Fish, the ignored wildlife on our plates

On World Wildlife Day next Tuesday, charismatic wildlife such as endangered elephants, leopards and the vulnerable sloth bear will take the stage – but one species is routinely ignored, to our peril.

There will be protests to protect forests such as Wilpattu, Sinharaja and even mangroves. “But are we concerned enough about the conservation of marine species and the marine ecosystems that support them?” questioned Nishan Perera, marine biologist at the Blue Resources Trust.

Rays are threaned species but large number of them are killed everyday c Daniel Fernando“As a society, we do not traditionally consider fish as wildlife, only as food. This perception has become a block in conserving our marine resources,” he said in an address to the Wildlife and Nature Protection Society.

The popular yellow-fin tuna (Thunnus albacares), locally known as kelawalla, is now “near-threatened” according to the International Union for Conservation of Nature’s Red List of Threatened Species.

Its cousin in the Atlantic Ocean, the bluefin tuna (Thunnus thynnus) is already categorised as “endangered” due to overfishing. Many species of sharks and rays are termed “vulnerable”.

“endangered” fish species such as hump-head wrass (Cheilinus undulates) end up on our plates.

According to the Red List, overfishing has pushed two families of rays, wedgefishes and giant guitarfishes in Sri Lankan waters to the brink of extinction, their populations declining more than 80 per cent in the past 45 years.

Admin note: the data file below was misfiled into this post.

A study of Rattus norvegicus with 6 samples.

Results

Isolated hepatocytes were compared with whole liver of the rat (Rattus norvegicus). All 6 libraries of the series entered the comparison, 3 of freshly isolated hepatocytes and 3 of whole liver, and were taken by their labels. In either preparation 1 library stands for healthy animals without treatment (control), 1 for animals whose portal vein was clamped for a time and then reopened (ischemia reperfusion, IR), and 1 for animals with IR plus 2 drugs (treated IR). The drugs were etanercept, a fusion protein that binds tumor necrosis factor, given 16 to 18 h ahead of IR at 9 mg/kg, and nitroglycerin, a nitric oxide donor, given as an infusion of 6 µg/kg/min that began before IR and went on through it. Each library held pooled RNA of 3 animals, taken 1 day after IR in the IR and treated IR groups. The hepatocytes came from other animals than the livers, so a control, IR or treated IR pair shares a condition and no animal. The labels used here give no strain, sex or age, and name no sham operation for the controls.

Sadly, these fish are not even being targeted by fishermen but simply caught most often as bycatch – captured accidentally in nets. Most rays and sharks are slow breeders.

“I dive in many places around Sri Lanka and witness a lot of illegal fishing activity,” Mr. Perera said, citing over-large nets, dynamiting and bottom-trawling among such illegal fishing methods.

“We shouldn’t be sympathetic towards these fishermen. Stringent measures have to be taken,” he urged.

Resources are not always aimed at priority interventions. A prime example, Mr. Perera said, was the case of several teams being deployed to protect the southern elephant seal from the Antarctic that came accidentally into local waters while not using similar efforts to curb everyday violations of fishing around Colombo.

“Building innovative public-private partnerships, empowering local communities to help with surveillance and monitoring, and increasing communication and networking are cost-effective ways of improving management,” Mr. Perera said in his lecture, delivered on February 20.

“This has been done in many other developing nations such as Maldives, Kenya, Tanzania, Indonesia, Philippines, and Fiji.

“Increasing funding alone will not solve the problem. Many past conservation projects have resulted in large sums of money being spent with little to no change on the ground.”

There is little enforcement even for the protected marine sanctuaries, Mr. Perera said, pointing out that the Department of Wildlife Conservation lacked manpower and direction to conserve marine wildlife.

Mr. Perera said Sri Lanka needs to declare more marine protected areas to lessen the damage from unsustainable fishing but admitted this was not easy.

“The recent declaration of a small area of around 950ha as the Kayankerni Marine Sanctuary was opposed by the fisheries lobby even though only a few fishermen actually fish within the sanctuary, and it was agreed to allow limited, regulated fishing within the sanctuary,” he said.

Almost 99 per cent of the east coast remained open to fishing and the areas under protection were very small.

Protected areas can act as breeding grounds, with excess fish moving outside the protected area and having positive impacts on fish catches in the long term. This is well documented in other countries, Mr. Perera said.